Carol VanHook on Flickr

You go for a walk and see a bright red cardinal. The app called eBird wants to know about it. You open your phone, set the place where you are walking, and type in the name of the bird and how many see.

Cardinals are easy. The males are bright red and have very distinctive head shapes. But what happens if you see a bird that you don’t know? eBird offers a link to a program called Merlin where you walk through a series of questions so you can identify the sparrow, goose, hawk, or whatever it is.

With your observation recorded, you join the legions of birders with life lists of birds seen.

But this free app, created by the Cornell Laboratory of Ornithology,is more than just a note-taking system. Because you share your observations, other people can go to the same spot and maybe see the cardinal you saw. You can plan your walks by what birds other people saw. And, last but certainly not least, you can help conservation efforts simply by recording what you saw.

Your sightings go to Cornell’s computers. So do the sightings of 1.5 million other people from all over the world. That’s a lot of birds! eBird started in 1999 according to John Fitzpatrick, director of the Cornell Lab of Ornithology. And now the project has a huge data mine of bird sightings which allows for an understanding of how are doing in our world, said Fitzpatrick who spoke at the December 2020 virtual meeting of the American Geophysical Union.

“We ask if the population of a bird is declining, increasing, or changing habitat.” he explained. “And we can now direct local conservation groups to go in and measure what is different in the places where the population is declining and increasing. And how we can modify [human] behavior effectively.”

For example, the eBird website shows the sightings of Sprague’s Pipits a grassland bird. Overtime, their numbers have gone down. Conservationists studied the data and realized there are more roads in the bird’s territory than there used to be. “Armed with this knowledge, researchers can investigate,” the website says. They will look at the types of grasses that grown next to the roads and other issues.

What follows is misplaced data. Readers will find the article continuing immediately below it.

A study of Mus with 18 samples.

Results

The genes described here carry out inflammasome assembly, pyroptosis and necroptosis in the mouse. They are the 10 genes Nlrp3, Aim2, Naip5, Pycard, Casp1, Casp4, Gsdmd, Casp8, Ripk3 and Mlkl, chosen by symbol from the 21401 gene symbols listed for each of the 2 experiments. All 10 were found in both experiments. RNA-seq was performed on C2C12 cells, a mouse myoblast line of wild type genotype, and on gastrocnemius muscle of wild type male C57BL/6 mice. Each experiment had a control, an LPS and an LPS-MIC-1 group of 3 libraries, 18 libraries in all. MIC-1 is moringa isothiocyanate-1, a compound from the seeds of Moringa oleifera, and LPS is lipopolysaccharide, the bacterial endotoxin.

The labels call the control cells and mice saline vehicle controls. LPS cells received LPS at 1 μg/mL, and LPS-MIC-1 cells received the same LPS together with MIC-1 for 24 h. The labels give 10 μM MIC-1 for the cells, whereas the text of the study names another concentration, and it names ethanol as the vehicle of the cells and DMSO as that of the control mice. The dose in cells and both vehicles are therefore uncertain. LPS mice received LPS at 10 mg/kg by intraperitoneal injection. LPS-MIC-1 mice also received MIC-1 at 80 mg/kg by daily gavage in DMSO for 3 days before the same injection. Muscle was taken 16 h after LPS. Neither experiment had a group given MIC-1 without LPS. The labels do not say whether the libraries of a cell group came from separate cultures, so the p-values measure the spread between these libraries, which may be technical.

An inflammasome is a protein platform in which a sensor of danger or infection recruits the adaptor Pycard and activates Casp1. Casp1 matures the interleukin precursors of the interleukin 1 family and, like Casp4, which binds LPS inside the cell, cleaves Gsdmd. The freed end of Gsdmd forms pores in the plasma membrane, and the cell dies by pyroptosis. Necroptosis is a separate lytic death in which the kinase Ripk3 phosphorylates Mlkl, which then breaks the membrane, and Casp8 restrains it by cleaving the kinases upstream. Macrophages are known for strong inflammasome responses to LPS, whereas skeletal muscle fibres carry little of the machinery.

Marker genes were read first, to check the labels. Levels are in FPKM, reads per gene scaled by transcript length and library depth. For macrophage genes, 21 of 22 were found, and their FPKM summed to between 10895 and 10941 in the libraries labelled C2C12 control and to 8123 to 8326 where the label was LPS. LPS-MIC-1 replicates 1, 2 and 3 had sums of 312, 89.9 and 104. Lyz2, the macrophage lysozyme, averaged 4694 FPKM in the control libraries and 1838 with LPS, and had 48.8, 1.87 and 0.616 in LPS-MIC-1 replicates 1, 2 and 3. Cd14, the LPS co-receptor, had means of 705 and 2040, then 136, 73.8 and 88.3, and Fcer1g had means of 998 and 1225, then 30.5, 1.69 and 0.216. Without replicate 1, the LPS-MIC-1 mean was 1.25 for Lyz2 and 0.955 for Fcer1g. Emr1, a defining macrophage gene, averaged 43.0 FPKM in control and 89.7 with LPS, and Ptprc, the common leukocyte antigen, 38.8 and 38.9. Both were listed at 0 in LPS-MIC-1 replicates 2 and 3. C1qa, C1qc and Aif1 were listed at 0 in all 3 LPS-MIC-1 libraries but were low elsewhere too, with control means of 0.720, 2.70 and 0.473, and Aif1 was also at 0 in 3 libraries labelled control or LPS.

However, eBird and individual sightings only go so far. People don’t usually count birds at night. And often they don’t count birds high in the air. So how could Cornell Ornithology Lab look at migrating birds?

The answer was in the weather. In 1995, the lab realized that the Doppler radar system is set up to predict and measure weather. But it could have other uses.

“We asked the radar to count all things that are not precipitation.” That means the radar picks up birds.

Now, Fitzpatrick says, the group works with turbine operators. The wind power collected by the huge turbines is good for the environment, but can be bad for migrating birds. However, because of eBird and Doppler data, Fitzpatrick and his colleagues can warn turbine operators when bird migrations are arriving. The operators can then turn off the turbines for a night or two. “We can save 90 percent of the birds that way,” he said.

The data from eBird and the Doppler radar system makes Fitzpatrick feel positive about the way the humans and the natural world get along. “[Co-existing] is not going to happen by accident,” he said. “We need real-time measurements of environmental health. And birds are a great indicator of that health.” Given the data, he said he is hopeful that humans “will be able to figure out how we can fit in with all the grandeur of the natural world.”